As winter quickly approaches, it’s time to prepare ourselves for the colder months. There are also ways in which you can prepare your pets to keep them comfortable during the winter. This is especially important for our older pets as conditions such as arthritis can be exacerbated by cold and damp weather.


In this blog we discuss winter tips for pets, looking in particular at the strain of arthritis in the colder months.


Keeping Your Pet Comfortable

For dogs, specially designed coats can help keep off the chill and rain, particularly when going out. They come in a range of designs, including full-body fleece coats which have the added advantage of keeping your pet from getting too muddy.


Some dogs, such as some toy breeds or those with a thin coat of hair (e.g. whippets), may need a jumper both outside and indoors to keep warm.


Another consideration is where your pet sleeps at night; make sure they won’t get cold from the cool air rising from uncarpeted floors and that the area is draft-free.


Older cats may need help to access a bed as they may find it difficult to get to a warm spot. Ramps or steps up to a bed can help your cat move around independently and allow them to get to higher areas where they may feel more comfortable.


For both cats and dogs, pet-safe microwavable pads are available to provide a bit of extra warmth and are safer than using a hot water bottle - though still use these with care and appropriate covers to avoid burns.


Raising food and water bowls may also help your pet if they are feeling less mobile in the winter months and stair gates and non-slip matting on smooth floors may be needed if they are struggling with their mobility.


Noticing your pet becoming a little less mobile and stiffer, particularly in cold weather, can be a sign of arthritis. The most common type of arthritis we see in pets is called osteoarthritis and occurs when joints start to become roughened. Nowadays there are a range of options for treating this very common condition.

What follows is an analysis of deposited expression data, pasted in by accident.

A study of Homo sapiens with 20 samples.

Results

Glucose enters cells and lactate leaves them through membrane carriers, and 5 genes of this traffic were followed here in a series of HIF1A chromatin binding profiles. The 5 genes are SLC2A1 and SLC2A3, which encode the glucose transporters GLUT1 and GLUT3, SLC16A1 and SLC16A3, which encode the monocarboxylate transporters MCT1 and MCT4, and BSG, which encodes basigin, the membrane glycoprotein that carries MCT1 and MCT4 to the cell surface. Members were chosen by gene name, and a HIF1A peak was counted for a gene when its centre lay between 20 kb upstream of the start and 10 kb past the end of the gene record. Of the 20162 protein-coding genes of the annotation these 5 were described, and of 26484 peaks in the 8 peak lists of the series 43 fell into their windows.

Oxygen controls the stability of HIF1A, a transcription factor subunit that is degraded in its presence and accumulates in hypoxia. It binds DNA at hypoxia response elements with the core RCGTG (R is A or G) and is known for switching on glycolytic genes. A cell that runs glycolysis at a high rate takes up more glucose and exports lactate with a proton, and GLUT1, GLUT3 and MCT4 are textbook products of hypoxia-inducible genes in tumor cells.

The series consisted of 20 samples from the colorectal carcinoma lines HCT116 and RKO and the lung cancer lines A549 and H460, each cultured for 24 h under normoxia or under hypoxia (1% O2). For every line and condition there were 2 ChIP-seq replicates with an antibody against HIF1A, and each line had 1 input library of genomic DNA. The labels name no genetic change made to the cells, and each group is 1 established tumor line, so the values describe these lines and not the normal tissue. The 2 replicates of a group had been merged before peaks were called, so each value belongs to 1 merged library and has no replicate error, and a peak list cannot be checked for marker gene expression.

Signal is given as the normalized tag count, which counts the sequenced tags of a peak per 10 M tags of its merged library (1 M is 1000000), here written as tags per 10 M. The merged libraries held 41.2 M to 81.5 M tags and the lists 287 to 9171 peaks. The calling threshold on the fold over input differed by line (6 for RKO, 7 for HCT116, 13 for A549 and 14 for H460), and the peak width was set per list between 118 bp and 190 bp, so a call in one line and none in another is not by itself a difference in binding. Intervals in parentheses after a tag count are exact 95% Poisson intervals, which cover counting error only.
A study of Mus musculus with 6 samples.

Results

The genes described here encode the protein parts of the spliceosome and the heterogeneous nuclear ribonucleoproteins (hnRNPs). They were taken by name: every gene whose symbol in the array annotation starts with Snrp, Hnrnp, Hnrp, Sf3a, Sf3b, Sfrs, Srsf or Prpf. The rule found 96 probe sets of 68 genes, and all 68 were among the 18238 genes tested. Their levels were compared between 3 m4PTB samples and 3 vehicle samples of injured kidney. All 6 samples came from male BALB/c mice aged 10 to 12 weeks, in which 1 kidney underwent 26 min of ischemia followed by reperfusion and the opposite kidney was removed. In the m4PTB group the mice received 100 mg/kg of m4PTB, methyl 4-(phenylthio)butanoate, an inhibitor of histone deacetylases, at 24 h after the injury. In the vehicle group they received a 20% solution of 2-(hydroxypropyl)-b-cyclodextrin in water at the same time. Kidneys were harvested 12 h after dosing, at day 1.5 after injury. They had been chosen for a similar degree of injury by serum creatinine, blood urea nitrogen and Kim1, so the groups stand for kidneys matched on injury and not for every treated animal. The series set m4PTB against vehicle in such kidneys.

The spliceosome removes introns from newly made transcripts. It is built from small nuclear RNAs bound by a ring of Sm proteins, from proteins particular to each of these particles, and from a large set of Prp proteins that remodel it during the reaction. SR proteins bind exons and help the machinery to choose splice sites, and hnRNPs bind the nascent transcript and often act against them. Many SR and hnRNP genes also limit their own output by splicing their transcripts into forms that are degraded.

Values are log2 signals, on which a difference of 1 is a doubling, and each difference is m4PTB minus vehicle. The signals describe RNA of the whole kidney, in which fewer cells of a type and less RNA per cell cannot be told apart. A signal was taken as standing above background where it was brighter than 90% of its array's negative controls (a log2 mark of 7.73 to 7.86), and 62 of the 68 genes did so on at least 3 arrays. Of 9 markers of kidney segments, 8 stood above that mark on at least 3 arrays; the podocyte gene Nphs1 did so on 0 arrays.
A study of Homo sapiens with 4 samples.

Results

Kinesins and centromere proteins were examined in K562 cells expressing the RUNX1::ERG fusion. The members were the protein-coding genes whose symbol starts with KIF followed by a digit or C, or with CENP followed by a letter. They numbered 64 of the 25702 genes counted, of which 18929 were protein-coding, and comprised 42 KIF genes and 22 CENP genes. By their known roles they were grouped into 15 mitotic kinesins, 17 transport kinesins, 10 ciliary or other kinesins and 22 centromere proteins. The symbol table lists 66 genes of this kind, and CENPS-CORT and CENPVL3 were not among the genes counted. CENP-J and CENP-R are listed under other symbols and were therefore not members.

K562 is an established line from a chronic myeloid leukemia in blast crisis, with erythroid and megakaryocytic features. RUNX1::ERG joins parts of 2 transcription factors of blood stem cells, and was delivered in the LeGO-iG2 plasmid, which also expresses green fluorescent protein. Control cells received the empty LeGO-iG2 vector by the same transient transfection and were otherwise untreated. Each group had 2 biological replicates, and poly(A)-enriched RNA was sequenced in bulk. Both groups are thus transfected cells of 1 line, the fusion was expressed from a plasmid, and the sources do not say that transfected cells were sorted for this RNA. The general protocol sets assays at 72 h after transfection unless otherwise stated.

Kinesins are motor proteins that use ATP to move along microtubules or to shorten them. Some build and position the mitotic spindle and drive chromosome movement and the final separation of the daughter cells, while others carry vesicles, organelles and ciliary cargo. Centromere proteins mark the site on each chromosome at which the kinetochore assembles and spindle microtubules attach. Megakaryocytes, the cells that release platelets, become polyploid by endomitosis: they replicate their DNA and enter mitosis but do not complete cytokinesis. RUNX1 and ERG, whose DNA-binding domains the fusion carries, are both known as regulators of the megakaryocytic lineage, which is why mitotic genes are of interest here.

These include:

  • Prescription medications - your Vet can recommend some that have anti-inflammatory and pain-relieving properties. There are several different types of medication, and it may take some trial and error to find the best combination for your pet. Some pets may start on one type of medication and then have others added to their regime as the arthritis progresses.

  • Joint supplements - there are a huge number of different brands on the market, some with a more effective combination of ingredients than others, so it is well worth discussing these with your Vet to find the best one for your pet.

  • Acupuncture - this has been shown to help relieve discomfort. There are many Vets now trained in animal acupuncture.

  • Hydrotherapy - this can help build muscle to support the joints without placing undue strain on them. This needs to be undertaken at a designated pet hydrotherapy centre, where the staff are trained in how to swim animals in a controlled manner safe for your pet, and where the water is warm and sanitary.

  • Physiotherapy - a dedicated veterinary physiotherapist can give you exercises to perform at home for your pet to help keep those joints active and maintain muscle.


Winter Hazards For Your Pet

During the winter take care not to walk your dog on ice, as slipping can cause or further increase joint pain and damage. Muddy walks can also put strain on arthritic joints so going for short walks on firm ground is better for arthritic dogs.


There are a few additional things that can be hazardous for pets:

  • Rock salt - used to defrost pavements and roads, rock salt can cause ulceration to feet if crystals get caught between the toes. A good idea is to gently wash your dog’s feet with warm water when returning from a walk. An alternative would be to use dog ‘booties’ to protect their paws.

  • Ethylene Glycol - this is a chemical used in some types of anti-freeze, and if swallowed can cause life-threatening damage to the kidneys. We see this most commonly in cats but can also happen to dogs. Ideally do not buy products containing this chemical, or if you do, take care to avoid spillages.


Speak to your Vet if you have any concerns about your pet’s health during the winter months, they will be able to provide tailored advice for you and your pet.




Order Dr Hannah Parkin's Amazing Guide To Caring For Your New Puppy.